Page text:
Judge Steve Evans has got loving like quicksand.
"Smoke on the Water" might be mere flatulence over Southern California.
British heavy metal band Deep Purple—always a (very) poor man's Led Zeppelin—goes through the motions on seven tracks recorded during their headliner appearance at the California Jam Festival at Ontario Speedway in 1974. This was not rock-n-roll's finest hour, but may have served as reference material a decade later when Rob Reiner decided to film This is Spinal Tap, a spot-on satire of hard rockers who flaunt their big hair, stupidity, and comically shaped 'lectric guitars. But with Deep Purple the comedy is unintentional. Break Like the Wind, indeed.
When Deep Purple toured the states in '74, vocalist David Coverdale was the new replacement for original singer Ian Gillian. Bassist Glenn Hughes had taken over the four strings from Roger Glover. Hughes also added screeching, kicked-in-the-balls backing vocals that made Black Sabbath's helium-voiced Ozzie Osbourne sound downright harmonious.
As for the original members: Jon Lord grimaces and arches his back as he plays ham-fisted keyboards (the man looks like a constipated Hell's Angel) and Ian Paice thumps the drums. Guitarist Ritchie Blackmore was always the true instrumentalist and star of this group, coaxing heavy biker-bar chords from his Fender Strat. He was also a decent (if often predictable) soloist. Toward the end of the Deep Purple reign, Blackmore's solos could still blister the ears, although his note progressions were rote. Still, if it weren't for his presence, Deep Purple would be a minor footnote in 1970s rock, as irrelevant and forgotten as Rare Earth or—Gawd save us from pretentiousness—the art rock of Emerson, Lake and Palmer. And that would render this DVD unnecessary in a market already saturated with bad music discs. As it happens, Blackmore was an electric guitar virtuoso, even if he couldn't curl his little finger on the frets quite like Zeppelin's Jimmy Page, whose playing always seems one degree removed from black magic.
This is not to say the cats in Deep Purple couldn't rock when they wanted to. Dust off your old vinyl and check out the intricate time signatures on "Hush"—arguably the band's best song, if not their most popular (that would be "Smoke on the Water"). Problem is, Deep Purple's fleeting moments of musical greatness are not evident on this disc. Anywhere. And neither is "Hush."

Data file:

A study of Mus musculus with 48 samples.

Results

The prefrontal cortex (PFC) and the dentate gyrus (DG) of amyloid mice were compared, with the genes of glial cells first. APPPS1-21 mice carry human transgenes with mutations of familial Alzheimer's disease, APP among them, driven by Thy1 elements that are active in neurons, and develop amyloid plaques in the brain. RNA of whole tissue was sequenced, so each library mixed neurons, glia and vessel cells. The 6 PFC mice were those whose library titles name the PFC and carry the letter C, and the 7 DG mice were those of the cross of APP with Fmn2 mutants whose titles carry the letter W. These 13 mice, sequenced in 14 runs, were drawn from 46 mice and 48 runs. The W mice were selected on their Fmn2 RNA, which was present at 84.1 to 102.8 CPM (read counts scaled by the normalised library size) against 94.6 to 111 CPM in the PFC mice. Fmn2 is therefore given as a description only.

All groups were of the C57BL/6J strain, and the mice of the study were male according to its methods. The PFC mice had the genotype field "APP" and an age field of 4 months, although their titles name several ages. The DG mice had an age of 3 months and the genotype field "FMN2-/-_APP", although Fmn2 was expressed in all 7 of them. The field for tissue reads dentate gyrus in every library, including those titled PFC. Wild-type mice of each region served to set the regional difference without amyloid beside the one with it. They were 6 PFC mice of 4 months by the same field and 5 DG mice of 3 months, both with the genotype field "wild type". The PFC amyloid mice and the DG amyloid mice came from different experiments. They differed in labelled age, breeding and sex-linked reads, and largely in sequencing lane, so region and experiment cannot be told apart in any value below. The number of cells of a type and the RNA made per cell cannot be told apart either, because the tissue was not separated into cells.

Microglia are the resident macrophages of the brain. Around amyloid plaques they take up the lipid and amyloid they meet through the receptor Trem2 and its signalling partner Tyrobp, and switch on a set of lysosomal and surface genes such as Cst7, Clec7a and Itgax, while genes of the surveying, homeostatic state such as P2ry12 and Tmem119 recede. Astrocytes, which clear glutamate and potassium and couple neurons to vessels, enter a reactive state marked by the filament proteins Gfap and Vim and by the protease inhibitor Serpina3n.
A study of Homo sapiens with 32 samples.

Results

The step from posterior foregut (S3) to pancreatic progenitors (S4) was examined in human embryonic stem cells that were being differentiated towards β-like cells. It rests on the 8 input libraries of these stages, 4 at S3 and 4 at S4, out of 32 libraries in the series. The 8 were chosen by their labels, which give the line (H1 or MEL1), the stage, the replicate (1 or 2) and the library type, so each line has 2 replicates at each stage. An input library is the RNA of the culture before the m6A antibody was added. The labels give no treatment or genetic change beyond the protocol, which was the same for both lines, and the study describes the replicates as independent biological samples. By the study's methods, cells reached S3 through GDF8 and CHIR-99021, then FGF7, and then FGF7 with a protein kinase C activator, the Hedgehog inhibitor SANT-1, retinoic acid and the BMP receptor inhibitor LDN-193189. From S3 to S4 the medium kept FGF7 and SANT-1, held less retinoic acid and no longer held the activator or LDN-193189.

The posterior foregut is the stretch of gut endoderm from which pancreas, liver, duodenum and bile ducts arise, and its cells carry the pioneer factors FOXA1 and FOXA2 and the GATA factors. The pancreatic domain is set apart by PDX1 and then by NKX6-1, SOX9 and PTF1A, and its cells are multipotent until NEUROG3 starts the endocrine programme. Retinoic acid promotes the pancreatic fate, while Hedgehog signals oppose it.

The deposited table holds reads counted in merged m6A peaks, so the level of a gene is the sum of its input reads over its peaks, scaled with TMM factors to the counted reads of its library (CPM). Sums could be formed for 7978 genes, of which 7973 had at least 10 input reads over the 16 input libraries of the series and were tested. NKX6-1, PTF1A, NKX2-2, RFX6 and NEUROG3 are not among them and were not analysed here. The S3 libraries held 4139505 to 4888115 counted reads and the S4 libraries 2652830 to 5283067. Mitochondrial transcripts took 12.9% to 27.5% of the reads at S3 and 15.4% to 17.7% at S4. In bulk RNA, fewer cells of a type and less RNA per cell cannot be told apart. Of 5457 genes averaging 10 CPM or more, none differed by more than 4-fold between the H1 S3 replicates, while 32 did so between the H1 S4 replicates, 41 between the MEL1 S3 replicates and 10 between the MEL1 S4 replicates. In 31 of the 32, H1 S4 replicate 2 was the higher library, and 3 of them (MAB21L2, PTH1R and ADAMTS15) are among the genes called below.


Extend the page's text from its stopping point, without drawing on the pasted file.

So let's have our fun wherever we can find it:
• Start with Lord's cheapjack introductions of the new band
members. The keyboardist seems to drone on forever as though he's getting paid
by the word.
According to the liner notes included with this disc, Blackmore and company were whisked away right after the show by limo and helicopter, narrowly escaping the clutches of the police who wanted to arrest them on charges of…well, nobody seems to know. Acting like pompous rock-star jackasses might have been the first charge. Fleeing the scene of a lousy rock concert could have been another.
Blackmore is no longer with the band, which continues to tour 32 years later with a mix of original members and new additions.
The shoddy video footage (transferred from prehistoric tape) and so-so sound (three indifferently-mixed audio options) are somewhat offset by an interesting selection of extras, including bonus tracks, alternate camera angles, a photo gallery, and snippets of Super 8mm home movies shot by a roadie, as well as a commentary track by an anonymous bloke who gabs incessantly about all sorts of semi-interesting trivia related to the band and this particular concert. The commentator's name or credentials are not listed anywhere.
Hard rock fans could hardly do worse; the merely curious can almost certainly find better. I'll give the disc a few extra points for a solid selection of added-value content, then resist the temptation to subtract a few for Lord's eventual formation of the band Whitesnake—minuscule cock rock—about as imposing as a cashew, if you'll forgive the extended metaphor. Flaccid hard rock seems like an oxymoron, eh? Yet here it is, limp as a biscuit.